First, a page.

Bloc Party - 'Alpha Games'

I’ve listened to many albums where a lack of cohesion and consistency is a big fat problem, and let me tell you, that’s an issue that has never entered Bloc Party’s mind when creating their new album Alpha Games. But really, could we expect anything less from the band that brought us Silent Alarm, Intimacy, and Four?

After reviewing the single ‘Sex Magik’, which dropped in February, I am indeed back for more, and I can say with confidence that the album is even better than the single let on. Opening with a sharp, bold intensity on ‘Day Drinker’ and closing out with ‘The Peace Offering’ to slow things down, the curation of this record deserves a round of applause in itself. It follows a flow of fast-paced, energetic, somewhat haunting rock that Bloc Party has been delivering for years now. 

Some of the album’s standouts include tracks like ‘Callum Is a Snake’ with its sharp, bright guitar parts, ‘Rough Justice’ with its lyrical charm and beat, and their house-tinged ‘Sex Magik’, which they released as a single prior to dropping the album. Each of these tracks, along with the rest of the songs on the album, fit within the same 2010s indie-rock flavour that the band has built its wheelhouse in. The kicker that makes this album different? Bloc Party has been delivering this sound forever, and this is simply another example of them perfecting their own craft. 

‘By Any Means Necessary’ and ‘If We Get Caught’ have got to be some of the best on this record. They’re unique, catchy, and melodic, sweeping you up in their energy before closing out the album and slowing down. Yes, the entire album is good, but it gets better towards the end without a doubt.

This album offers a bittersweet near-nostalgic listen. And no, the music itself might not be nostalgia bait, but with so many bands of their era afraid to touch their old sound, this is a refreshing release. It belongs on the same playlists as some of the songs that made their listeners fall in love with the band in the first place. 2000s and 2010s indie is making a comeback, and Bloc Party is fixing up to be in the drivers’ seat. To me, this is their best since 2012’s Four.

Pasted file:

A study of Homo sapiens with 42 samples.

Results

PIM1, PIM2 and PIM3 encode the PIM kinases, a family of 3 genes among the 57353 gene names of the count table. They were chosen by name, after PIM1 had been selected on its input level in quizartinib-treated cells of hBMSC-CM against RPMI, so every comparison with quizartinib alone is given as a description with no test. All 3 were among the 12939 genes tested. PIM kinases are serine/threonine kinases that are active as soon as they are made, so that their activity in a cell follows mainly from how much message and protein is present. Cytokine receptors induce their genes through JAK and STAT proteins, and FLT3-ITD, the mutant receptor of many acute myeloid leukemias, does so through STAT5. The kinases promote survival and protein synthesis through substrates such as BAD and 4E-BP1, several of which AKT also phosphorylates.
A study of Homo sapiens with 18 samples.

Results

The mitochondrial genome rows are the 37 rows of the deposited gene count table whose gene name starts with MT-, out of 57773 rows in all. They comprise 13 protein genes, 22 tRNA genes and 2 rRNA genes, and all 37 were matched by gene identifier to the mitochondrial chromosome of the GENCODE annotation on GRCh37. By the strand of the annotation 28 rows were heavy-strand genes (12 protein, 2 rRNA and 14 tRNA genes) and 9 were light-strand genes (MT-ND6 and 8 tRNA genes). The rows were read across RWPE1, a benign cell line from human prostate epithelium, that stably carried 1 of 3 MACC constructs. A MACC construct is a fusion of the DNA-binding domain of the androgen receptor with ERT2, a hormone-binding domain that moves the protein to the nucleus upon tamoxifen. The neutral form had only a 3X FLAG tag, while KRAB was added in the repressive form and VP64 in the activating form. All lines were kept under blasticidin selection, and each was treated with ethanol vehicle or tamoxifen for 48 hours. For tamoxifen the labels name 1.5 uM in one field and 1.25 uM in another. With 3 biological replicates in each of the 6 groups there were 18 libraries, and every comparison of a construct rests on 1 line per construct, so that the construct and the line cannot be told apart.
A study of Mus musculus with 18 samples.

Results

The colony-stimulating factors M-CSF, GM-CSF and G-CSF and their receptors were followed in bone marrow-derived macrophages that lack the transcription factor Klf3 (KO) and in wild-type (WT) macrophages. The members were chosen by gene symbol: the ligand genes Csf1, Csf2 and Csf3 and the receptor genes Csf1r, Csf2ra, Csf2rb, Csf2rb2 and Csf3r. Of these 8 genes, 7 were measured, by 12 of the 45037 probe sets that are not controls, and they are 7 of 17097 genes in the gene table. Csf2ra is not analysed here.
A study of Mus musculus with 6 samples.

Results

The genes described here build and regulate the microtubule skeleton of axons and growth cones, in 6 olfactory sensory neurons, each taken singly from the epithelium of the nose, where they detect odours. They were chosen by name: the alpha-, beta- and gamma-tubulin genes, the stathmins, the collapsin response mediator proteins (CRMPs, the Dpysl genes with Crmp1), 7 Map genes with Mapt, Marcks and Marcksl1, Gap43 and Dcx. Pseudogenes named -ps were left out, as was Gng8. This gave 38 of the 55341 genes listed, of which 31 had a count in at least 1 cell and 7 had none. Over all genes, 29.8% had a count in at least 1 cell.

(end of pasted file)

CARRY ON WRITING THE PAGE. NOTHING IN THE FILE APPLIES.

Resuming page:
However, this isn’t to say there’s been no evolution. Bloc Party’s songwriting quality has deepened and intensified. Lead singer Kele Okereke says himself: “I don’t feel that I’d have been able to write songs like this earlier on in my career because all of the characters seem to revel in their dysfunction, whereas I feel like in the past I would have tried to resolve everything or put a rosy tint on things. But I think it was important in this record to see all of the ugliness. To see what happens when you stop seeing other people as human.”

Bloc Party has always been a band that allows the music shines bright, from the dark and sinister quality to the light details they use to juxtapose and balance. If this album wants for anything, it’d probably be in the lyrical department. But as a listener, this isn’t something that bothers me, as they more than make up for the places it can fall behind. The cool and energetic instrumentation and songwriting ability make them what they are. 

Bloc Party is a memorable band, and this is a memorable album to sit among the rest. And with singles like ‘Traps’, ‘Sex Magik’, and ‘The Girls Are Fighting’ already gaining some headway, it’s likely only a matter of time before Alpha Games joins the ranks of their other modern cult classics. 

If you want to take a listen to Bloc Party’s new album Alpha Games, you can find it on all streaming platforms out today, April 29th.